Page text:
MinervaBMJ 1998; 317 doi: https://doi.org/10.1136/bmj.317.7151.154 (Published 11 July 1998) Cite this as: BMJ 1998;317:154
Nicotine has comparatively mild psychoactive effects—in other words, it doesn't give much of a buzz—but research on rats has shown (Nature Medicine 1998;4:659-60) that it changes activity in the “brain reward” pathways in a manner indistinguishable from the actions of major drugs of abuse. So people who complain that giving up smoking is as difficult as giving up heroin or cocaine have science on their side.
It is a testament to the addictive properties of alcohol that alcoholic patients continue to drink even after the trauma of a liver transplant operation (Gut 1998;43:140-4). About half the patients in this British series admitted to regular drinking after receiving their transplant, many returning to drink within the year. The investigators were further worried by signs of liver damage in this group and have intensified their psychosocial support for patients as a result.
Vaccination against varicella (chickenpox) has since 1995 been recommended in the United States for all children aged 12-18 months, so deaths from this disease in infants are now seen as avoidable. Three deaths in children described in the Morbidity and Mortality Weekly Report (1998;47:365-8) are a reminder that as recently as the early 1990s this disease caused over 40 deaths each year.
A low protein diet slows the progress of chronic renal failure in at least some patients. A comparison of two low protein diets, one that used animal protein and one that used soya protein, found that they had similar effects in slowing the decline in renal function (Nephron 1998;79:173-80). Compliance was better with the vegetarian diet, so that patients taking it conformed more closely to the recommended intakes of energy, protein, and phosphate.
Recycling glass bottles has some less obvious advantages to society. For example, one third of 241 children questioned in inner city Philadelphia had cut themselves in the street at some time (Injury Prevention 1998;4:148-9). Most had cut their bare feet on glass, and a survey of the neighbourhood found that 30% of the walking area was dangerous because of broken glass.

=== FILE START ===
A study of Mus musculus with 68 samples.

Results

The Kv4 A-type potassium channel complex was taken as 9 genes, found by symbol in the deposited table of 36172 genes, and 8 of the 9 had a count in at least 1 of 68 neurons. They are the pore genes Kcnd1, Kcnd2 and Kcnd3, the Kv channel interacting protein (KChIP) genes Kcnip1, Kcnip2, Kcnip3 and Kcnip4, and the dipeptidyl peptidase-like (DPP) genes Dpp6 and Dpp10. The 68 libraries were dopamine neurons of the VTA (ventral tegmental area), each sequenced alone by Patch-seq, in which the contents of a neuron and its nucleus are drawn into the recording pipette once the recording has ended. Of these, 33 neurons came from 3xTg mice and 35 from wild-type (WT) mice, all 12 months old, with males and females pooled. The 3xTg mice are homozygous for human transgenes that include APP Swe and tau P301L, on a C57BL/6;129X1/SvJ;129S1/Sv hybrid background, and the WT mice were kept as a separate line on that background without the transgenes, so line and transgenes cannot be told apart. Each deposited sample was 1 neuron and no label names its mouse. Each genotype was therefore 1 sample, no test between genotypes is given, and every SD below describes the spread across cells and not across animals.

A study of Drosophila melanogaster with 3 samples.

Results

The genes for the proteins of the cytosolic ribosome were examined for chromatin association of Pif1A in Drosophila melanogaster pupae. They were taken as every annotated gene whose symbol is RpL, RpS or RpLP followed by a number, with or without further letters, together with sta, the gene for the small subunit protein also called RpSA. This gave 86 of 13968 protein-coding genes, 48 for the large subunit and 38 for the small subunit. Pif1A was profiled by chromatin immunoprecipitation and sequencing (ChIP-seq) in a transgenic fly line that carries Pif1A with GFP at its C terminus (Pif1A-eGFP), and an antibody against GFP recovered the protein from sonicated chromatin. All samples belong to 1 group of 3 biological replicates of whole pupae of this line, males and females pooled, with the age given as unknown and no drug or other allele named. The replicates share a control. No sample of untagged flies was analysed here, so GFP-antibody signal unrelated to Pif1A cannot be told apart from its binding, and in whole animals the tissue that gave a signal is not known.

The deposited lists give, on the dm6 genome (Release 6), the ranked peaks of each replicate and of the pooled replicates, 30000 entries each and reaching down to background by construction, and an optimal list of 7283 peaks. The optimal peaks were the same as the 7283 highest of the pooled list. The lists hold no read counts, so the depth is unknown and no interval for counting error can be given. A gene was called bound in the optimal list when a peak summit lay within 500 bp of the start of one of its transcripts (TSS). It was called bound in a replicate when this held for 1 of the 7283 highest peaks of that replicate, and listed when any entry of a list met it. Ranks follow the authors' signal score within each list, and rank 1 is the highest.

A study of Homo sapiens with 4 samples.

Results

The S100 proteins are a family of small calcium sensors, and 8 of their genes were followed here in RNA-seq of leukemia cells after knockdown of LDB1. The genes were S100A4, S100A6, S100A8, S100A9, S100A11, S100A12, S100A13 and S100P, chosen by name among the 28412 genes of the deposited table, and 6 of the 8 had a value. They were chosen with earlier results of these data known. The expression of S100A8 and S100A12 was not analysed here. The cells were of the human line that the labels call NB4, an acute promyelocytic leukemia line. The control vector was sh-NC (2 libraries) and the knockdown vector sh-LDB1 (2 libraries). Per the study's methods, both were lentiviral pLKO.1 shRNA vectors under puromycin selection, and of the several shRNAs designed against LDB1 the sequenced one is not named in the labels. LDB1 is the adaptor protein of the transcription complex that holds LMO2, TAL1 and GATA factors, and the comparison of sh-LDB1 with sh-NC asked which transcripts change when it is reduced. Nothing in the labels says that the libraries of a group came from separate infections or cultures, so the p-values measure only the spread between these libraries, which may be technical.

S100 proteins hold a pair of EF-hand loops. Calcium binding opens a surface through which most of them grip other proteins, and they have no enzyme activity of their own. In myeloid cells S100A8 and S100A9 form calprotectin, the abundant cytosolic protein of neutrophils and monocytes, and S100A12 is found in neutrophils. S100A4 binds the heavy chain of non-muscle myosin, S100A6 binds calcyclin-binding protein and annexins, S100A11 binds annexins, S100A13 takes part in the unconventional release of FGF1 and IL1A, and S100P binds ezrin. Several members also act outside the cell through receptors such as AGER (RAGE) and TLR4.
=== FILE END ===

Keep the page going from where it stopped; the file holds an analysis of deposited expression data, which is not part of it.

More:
Women having babies are a popular target for psychosocial research, but much less is written about their male partners. Over 7000 of these partners took part in the Avon longitudinal study of pregnancy and childhood (American Journal of Psychiatry 1998;155:818-23), which shows that factors associated with depression in women are also linked to depression in men. For example, men living in stepfamilies had higher rates of depression than men from more traditional families. Having a depressed partner also made depression more likely. Interestingly, the birth itself was not an important event in predicting psychological symptoms.
The US Public Health Service warns that HIV infection is currently the US's biggest threat. Changing people's sexual behaviour is difficult enough, but showing that it makes a difference to rates of sexually transmitted disease is even harder. In a randomised controlled trial seven sessions of training in risk reduction led to lower rates of unprotected sex and more consistent use of condoms but failed to improve overall rates of infection with sexually transmitted diseases (Science 1998;280:1889-94). Rates of gonorrhoea did go down, but only among subjects recruited from sexually transmitted disease clinics.
Any parents who have taken their precious baby for infant immunisations will be grateful for any progress towards a needle free experience. Immunising mice against diphtheria and tetanus by applying toxoid to the skin is a step in the right direction (Nature 1998;391:851), and phase 1 trials of bacterial enterotoxin patches are under way in humans. The ultimate goal (some way off) is to make immunisation as simple and painless as putting on a sticking plaster.
Media stories urging people to eat seashell concentrate to lose weight and stop taking the pill can frustrate the coolest of general practitioners. They will be encouraged by an articulate soapbox rant in the Medico Legal Journal (1998;1:31-3) arguing that, although journalists are hamstrung by deadlines and a limited grasp of the facts, there is hope if we all appeal to their sense of public duty. We should attack, says the author, the media culture that cares so little about misleading the public and continues to put topicality, simplicity, and excitement above accuracy.
Minerva has been encouraged recently by the increasing number of randomised controlled trials in surgical specialties. This month the Journal of Urology (1998;160:12-17) reports a five year follow up of over 500 men with benign prostatic hyperplasia randomised to surgery or “watchful waiting.” Those who had a transurethral resection did best, with rates of treatment failure of only 10%. A third of patients randomised to watchful waiting eventually had surgery. A commentator in the same journal suggests that surgeons can now give patients a clear guide to their risk of urinary retention if not operated on—about 2% a year.
Minerva sometimes dreams of a future utopia where surgery is a forgotten art and all ills are cured by magic bullets or invisible forces that leave no external wounds. Extracorporeal shock wave lithotripsy has that futuristic feel—shattering stones without harming living tissue—and is now being tested in people with calcific tendinitis of the shoulder (Journal of Rheumatology 1998;25:1161-3). Three women were pain free, with improved movement after just one session, and were asymptomatic after two years. After only three cases, however, the treatment is little more than a good idea. Controlled trials are the next step.